Recorded on Chatham Naval Memorial
Recorded on family memorial Bangor cemetery
Norman Giles Paton was born in 4 Osborne Terrace, Belfast, on 2nd October 1886. He was the son of John Paton, a commission agent (who hailed from Scotland) and Maggie Paton nee Brown. The family moved to Bangor some time before 1911 where the census shows them living in Seaforth Road.
He attended Methodist College in Belfast before working as a Manufacturers Agent in the linen trade with his father and a brother, Frank, in Linenhall Street.
Norman received a commission as Sub-Lieutenant in the Royal Naval Volunteer Reserve on 31st May, 1918, and served on HMS Hermione and ML 403. He was killed when ML 403 was torpedoed in the North Sea on 22nd August, 1918. He is recoded as buried at sea.
PATON, NORMAN GILES, Sub-Lieut., Royal Naval Volunteer Reserve, eldest s. of John Paton, of Ardmore, Bangor, Linen Merchant, by his wife, Maggie, dau. of Francis Brown; b. Belfast, 2 Oct. 1886; educ. Methodist College there; was associated with his father in business; appointed Sub-Lieut. Royal Naval Volunteer Reserve 31 May, 1918; served on H.M.S. Hermione and M.L. 403, and was killed when M.L. 403 was torpedoed in the North Sea 22 Aug, 1918. Buried at sea. He was an enthusiastic and skilful yachtsman; unm.
Du Ruvigny’s Roll of Honour, vol. 4
SUB-LIEUTENANT NORMAN G. PATON, Royal Naval Volunteer Reserve, killed on the 22nd August, was the eldest son of Mr. John Paton, Ardmore, Bangor. Deceased, who was educated at the Methodist College, Belfast, was in the linen business with his father in Linenhall Street until he obtained his commission about three months ago. His brother,
Mr. Frank Paton, was invalided out of the Army after three year' service with the Royal Irish Rifles.
Belfast Newsletter, 24th August 1918
ML 403 was stationed at Whitby, and was called upon to recover and defuse a German torpedo that had been fired at a northbound steamer on 21st August 1918. The steamer's crew watched the torpedo miss, and run into the rocks on the western side of the bay without exploding.
On 22nd August, it was decided to recover the torpedo, and ML 403, commandered by Lieutenant Arthur Whiting, RNVR was tasked with the recovery. ML 403 sailed out of Whitby with a crew of ten, plus two torpedo experts. A large crowd of locals gathered on the cliff above to witness the recovery.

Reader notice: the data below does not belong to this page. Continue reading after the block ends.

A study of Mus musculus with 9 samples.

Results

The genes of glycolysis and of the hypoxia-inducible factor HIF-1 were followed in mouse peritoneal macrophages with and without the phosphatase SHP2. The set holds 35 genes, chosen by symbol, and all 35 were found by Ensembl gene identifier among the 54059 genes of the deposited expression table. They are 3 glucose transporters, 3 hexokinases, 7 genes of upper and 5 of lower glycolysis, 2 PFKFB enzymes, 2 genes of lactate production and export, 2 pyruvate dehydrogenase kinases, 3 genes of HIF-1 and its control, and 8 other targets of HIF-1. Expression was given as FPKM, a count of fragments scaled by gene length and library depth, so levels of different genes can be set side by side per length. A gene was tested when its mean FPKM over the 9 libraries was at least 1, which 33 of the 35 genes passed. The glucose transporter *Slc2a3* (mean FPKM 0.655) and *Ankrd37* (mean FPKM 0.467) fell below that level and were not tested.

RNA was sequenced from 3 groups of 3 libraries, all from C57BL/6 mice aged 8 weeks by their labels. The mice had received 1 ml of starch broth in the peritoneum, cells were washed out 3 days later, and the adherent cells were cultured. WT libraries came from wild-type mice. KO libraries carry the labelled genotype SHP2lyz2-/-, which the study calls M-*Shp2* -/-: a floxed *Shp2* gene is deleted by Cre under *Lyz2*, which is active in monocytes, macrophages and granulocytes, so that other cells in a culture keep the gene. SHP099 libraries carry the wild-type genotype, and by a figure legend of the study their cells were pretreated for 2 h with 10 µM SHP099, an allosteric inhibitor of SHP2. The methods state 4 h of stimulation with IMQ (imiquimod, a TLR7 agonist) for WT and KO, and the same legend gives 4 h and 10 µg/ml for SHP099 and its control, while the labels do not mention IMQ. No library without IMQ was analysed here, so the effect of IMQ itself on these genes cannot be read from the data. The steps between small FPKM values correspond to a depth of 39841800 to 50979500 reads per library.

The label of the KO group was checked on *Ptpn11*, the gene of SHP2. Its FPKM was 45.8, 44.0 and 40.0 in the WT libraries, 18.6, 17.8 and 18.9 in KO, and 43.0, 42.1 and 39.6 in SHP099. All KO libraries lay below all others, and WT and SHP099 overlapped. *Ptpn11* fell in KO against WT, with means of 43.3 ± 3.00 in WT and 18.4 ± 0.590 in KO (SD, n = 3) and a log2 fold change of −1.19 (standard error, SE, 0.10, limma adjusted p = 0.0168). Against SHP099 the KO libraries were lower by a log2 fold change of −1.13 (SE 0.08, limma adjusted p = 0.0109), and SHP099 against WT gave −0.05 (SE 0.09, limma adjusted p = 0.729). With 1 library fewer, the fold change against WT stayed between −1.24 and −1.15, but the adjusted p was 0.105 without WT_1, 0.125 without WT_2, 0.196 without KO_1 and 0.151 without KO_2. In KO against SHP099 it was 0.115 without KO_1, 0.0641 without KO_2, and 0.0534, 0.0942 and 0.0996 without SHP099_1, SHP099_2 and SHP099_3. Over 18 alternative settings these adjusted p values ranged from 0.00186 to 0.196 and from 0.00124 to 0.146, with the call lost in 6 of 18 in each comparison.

The torpedo was safely lifted out of the water, but it would seem that around 14:00, while the torpedo experts attempted to defuse it, it exploded, setting off the depth charges and the petrol tank aboard ML 403. The explosions broke windows, brought down ceilings, and damaged roof tiles in the village of Runswick. The bow of ML 403 was blown close to the shore.
Miraculously, the coxswain, who had been feeling unwell, and who was lying in the crew fo'c's'le, survived.
Information found on the Great War Forum.
His Majesty's Motor Launch (HMML) 403 was destroyed by explosion whilst trying to salve a German torpedo in Runswick Bay 22nd August 1918.
These launches were extremely dangerous and some were lost by fire before the fuel for their petrol engines was reduced to 1 part petrol to 2 parts parrafin. Forty of these boats were delivered to the French. They were mostly built in Canada and were 46 tons gross, 75 x 12 x 4 feet, petrol engined 440 bhp giving 19.5 knots. Most of the crews were ex Motor Boat section. MBs were used in all theatres.
Information from Dittmar and Colledge.
Portrait photo from A History of Methodist College Belfast by J.E. Henderson, courtesy of Nigel Henderson.